Coconut Curry Broth With Red Shrimp


Soup Course

“A Menu of Memories”

To see the entire seven course meal menu please click on the menu bar on the main blog page and click on the title of the menu -“A Menu of Memories”

This soup course is truly one of my personal favorites. As I mentioned on the menu page, I have been trying for years to recreate the broth I used to have for breakfast in Indonesia. But for breakfast, it was served with eggs, taro and shrimp crackers. For the purpose of the seven course meal I used a light seafood. Also, many Indonesian and Malaysian recipes use a shrimp paste as a base to their dishes. Instead of the shrimp base, I simmered shrimp inside the broth.  This broth requires you to make your own curry paste. And for that I borrowed some of the ingredients and technique from a recipe at for Chicken Khao Soi. But for the soup itself, I altered some of the ingredients to better serve its place in the seven course menu.

Coconut Curry Broth With Red Shrimp

Serves 6-8 as part of a seven course meal. As a main dish then maybe 4-6 people.


3 Guajillo Chiles- stems and seeds removed and then soaked in hot water for 45 minutes

2 Shallots

8 Cloves of Garlic

1 2″ Piece of Ginger

The stems from a bunch of Cilantro

1 tbsp Coriander seeds

1 tbsp Turmeric

1 tsp Curry Powder

1/2 cup Chicken Broth-warm


Put all of the ingredients, except for the chicken broth, into a blender. I have an extremely powerful blender that does not require me to peel or shop anything which saves me time, especially when this is for a seven course meal. If your blender is not powerful enough or if you are using a food processor then please take the time to peel and chop everything up as fine as you can. Otherwise this paste will become a headache for you and will ruin the texture of your soup (believe me, I’ve been there). Add the chicken broth tablespoon at a time and blend slowly. As you add more of the broth slowly increase your speed. Be careful blending warm liquids! After several minutes you should have a smooth paste. No pieces of guajillo peppers should be seen. Not even small ones. Because they will sit on your tongue and refuse to move and your guests will wonder why you served them pieces of plastic in your soup. Smooth Paste. It is a must.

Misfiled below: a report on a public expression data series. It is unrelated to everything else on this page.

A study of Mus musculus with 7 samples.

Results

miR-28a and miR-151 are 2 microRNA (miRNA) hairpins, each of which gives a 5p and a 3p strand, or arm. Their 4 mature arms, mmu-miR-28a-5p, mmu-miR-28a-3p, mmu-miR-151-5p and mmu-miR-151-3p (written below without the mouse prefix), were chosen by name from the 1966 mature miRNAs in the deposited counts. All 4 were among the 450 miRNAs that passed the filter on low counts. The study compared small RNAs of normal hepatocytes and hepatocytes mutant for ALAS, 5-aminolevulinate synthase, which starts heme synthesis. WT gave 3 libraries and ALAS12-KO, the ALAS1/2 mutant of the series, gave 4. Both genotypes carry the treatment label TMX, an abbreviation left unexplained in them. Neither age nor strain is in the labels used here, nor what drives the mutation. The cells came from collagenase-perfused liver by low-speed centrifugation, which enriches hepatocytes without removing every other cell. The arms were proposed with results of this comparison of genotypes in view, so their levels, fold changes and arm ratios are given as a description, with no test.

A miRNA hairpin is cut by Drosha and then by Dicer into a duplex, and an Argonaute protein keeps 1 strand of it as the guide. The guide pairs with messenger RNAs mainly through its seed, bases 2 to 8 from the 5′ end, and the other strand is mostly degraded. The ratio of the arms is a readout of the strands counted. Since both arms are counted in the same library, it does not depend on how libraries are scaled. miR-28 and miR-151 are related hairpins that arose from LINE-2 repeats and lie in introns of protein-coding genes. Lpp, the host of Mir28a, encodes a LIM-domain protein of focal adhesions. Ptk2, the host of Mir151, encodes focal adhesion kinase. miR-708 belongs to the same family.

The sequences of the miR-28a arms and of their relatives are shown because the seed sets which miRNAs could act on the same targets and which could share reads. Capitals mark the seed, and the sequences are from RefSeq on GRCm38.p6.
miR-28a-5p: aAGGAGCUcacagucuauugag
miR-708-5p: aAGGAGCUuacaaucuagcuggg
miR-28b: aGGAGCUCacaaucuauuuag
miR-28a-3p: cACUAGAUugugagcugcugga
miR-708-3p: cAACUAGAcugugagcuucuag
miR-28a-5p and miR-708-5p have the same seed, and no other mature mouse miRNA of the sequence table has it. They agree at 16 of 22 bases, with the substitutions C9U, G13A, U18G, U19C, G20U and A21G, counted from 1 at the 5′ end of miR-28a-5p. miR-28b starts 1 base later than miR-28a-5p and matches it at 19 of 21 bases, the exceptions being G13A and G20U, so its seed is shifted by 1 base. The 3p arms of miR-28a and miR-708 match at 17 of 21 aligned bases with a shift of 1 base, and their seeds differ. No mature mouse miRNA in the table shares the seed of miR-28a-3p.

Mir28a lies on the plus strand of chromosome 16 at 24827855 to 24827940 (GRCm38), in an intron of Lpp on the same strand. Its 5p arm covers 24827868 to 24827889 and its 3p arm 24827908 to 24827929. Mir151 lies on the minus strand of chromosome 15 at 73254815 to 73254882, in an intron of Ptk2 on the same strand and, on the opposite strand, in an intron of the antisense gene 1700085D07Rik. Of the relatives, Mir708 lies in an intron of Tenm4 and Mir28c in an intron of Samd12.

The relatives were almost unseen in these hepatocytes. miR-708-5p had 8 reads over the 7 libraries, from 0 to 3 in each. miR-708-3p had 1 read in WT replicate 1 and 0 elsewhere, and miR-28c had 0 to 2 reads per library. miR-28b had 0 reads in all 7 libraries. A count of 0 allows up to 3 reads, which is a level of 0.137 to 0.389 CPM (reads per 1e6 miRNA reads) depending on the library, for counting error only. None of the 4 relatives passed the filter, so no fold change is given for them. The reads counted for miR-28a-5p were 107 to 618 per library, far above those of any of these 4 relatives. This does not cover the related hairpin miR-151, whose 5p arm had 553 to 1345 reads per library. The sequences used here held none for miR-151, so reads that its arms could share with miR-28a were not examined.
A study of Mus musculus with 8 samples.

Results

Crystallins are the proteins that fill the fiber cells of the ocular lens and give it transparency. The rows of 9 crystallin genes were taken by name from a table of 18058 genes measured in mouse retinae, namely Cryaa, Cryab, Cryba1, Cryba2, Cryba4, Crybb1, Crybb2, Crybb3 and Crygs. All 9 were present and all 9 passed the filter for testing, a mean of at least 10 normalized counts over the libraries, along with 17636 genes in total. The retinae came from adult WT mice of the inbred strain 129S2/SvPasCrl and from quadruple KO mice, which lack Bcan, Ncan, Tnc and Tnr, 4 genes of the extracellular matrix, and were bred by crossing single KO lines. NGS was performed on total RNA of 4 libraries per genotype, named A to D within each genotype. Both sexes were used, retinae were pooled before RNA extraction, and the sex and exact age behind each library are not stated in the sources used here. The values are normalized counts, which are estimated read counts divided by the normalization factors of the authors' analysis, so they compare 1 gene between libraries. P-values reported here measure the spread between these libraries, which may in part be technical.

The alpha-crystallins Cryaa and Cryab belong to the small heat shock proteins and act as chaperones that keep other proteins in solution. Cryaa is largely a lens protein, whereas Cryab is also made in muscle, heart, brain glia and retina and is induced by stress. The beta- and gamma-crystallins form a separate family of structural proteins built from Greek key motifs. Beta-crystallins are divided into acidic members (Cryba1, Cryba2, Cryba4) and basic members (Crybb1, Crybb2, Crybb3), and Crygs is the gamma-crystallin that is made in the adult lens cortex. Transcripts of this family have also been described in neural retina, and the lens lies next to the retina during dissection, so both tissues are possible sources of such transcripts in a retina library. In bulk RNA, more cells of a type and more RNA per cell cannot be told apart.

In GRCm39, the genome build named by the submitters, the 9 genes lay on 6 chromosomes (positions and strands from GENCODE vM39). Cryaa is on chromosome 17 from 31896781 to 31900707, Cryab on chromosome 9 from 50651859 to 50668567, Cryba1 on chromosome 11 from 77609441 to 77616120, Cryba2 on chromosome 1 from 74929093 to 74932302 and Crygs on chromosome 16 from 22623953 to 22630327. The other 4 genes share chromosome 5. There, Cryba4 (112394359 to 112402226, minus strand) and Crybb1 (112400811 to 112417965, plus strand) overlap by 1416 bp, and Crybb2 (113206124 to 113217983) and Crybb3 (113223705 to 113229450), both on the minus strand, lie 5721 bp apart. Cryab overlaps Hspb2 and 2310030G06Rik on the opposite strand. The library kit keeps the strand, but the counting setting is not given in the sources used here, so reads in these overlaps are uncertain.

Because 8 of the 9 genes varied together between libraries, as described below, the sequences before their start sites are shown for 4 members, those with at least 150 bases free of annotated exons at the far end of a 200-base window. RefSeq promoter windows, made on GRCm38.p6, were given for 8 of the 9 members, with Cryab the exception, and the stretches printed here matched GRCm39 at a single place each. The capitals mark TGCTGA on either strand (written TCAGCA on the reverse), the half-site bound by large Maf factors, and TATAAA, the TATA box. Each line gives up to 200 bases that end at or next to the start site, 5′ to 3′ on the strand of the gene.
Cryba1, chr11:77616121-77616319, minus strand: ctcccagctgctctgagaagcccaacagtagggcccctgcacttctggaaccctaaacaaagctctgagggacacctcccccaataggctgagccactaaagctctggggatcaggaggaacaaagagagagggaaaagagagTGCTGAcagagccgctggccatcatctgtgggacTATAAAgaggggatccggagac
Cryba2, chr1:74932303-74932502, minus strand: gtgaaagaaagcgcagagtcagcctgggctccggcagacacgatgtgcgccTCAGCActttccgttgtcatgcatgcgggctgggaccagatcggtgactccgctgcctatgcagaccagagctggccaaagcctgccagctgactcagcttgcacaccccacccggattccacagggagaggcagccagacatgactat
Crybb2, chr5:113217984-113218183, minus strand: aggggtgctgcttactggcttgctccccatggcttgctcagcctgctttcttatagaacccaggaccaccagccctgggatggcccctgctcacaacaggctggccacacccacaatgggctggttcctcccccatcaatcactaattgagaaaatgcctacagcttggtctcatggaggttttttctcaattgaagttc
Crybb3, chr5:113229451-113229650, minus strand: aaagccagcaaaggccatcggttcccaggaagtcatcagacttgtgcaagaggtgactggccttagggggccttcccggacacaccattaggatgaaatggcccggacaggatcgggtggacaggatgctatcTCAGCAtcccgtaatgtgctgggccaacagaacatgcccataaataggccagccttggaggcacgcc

Just in case you can’t get it smooth enough- it’s not the end of your dish. Just be patient and I’ll explain a rescue method after you begin the broth.


2 Cans of Lite Coconut Milk-must be lite because this is a broth and should not override the rest of the meal with a layer of coconut fat

2 cups of Chicken Broth

3 tbsp Fish Sauce

1 tbsp of tamarind pulp dissolved in 2 tbsp of hot water

1 tsp Rice Vinegar

1 lb of Shrimp (peeled and deveined-wild caught if you can) or Langosteens


Heat 2 tbsp of oil on medium high heat in a heavy pan and sauté the paste (from the recipe above) until the paste  starts to absorb all the oil and becomes slightly darker. This step is to cook the paste and make sure that the spices don’t remain bitter. Don’t burn it by using a light pan or having the heat too high. Once the paste has darkened add all of your broth ingredients except for the shrimp. Now if you see that there are bits and pieces of guajillo peppers or tamarind floating around (because the pulp people didn’t grind it enough) then you will let the broth completely come together and then strain it into another pot. If you managed to get a very fine paste in the beginning then you can skip that step. Once you have a smooth broth without any floating pieces then you can throw in your shrimp or langosteens. Let them absorb the flavor of the broth for 10-15 minutes. I actually put it all into a slow cooker and just left it on low until the guests were ready for the soup course.

If you ever would like to serve this as a main course then it must be dressed up like one. Which means more seafood thrown in or chicken. You can top it off with bean sprouts, cilantro, fried tofu pieces, spring onions, thai basil, fried noodles or even peanuts. Go crazy. Its all about texture and complementing flavors. And don’t forget condiments like chili oil or some sesame oil drizzled on top.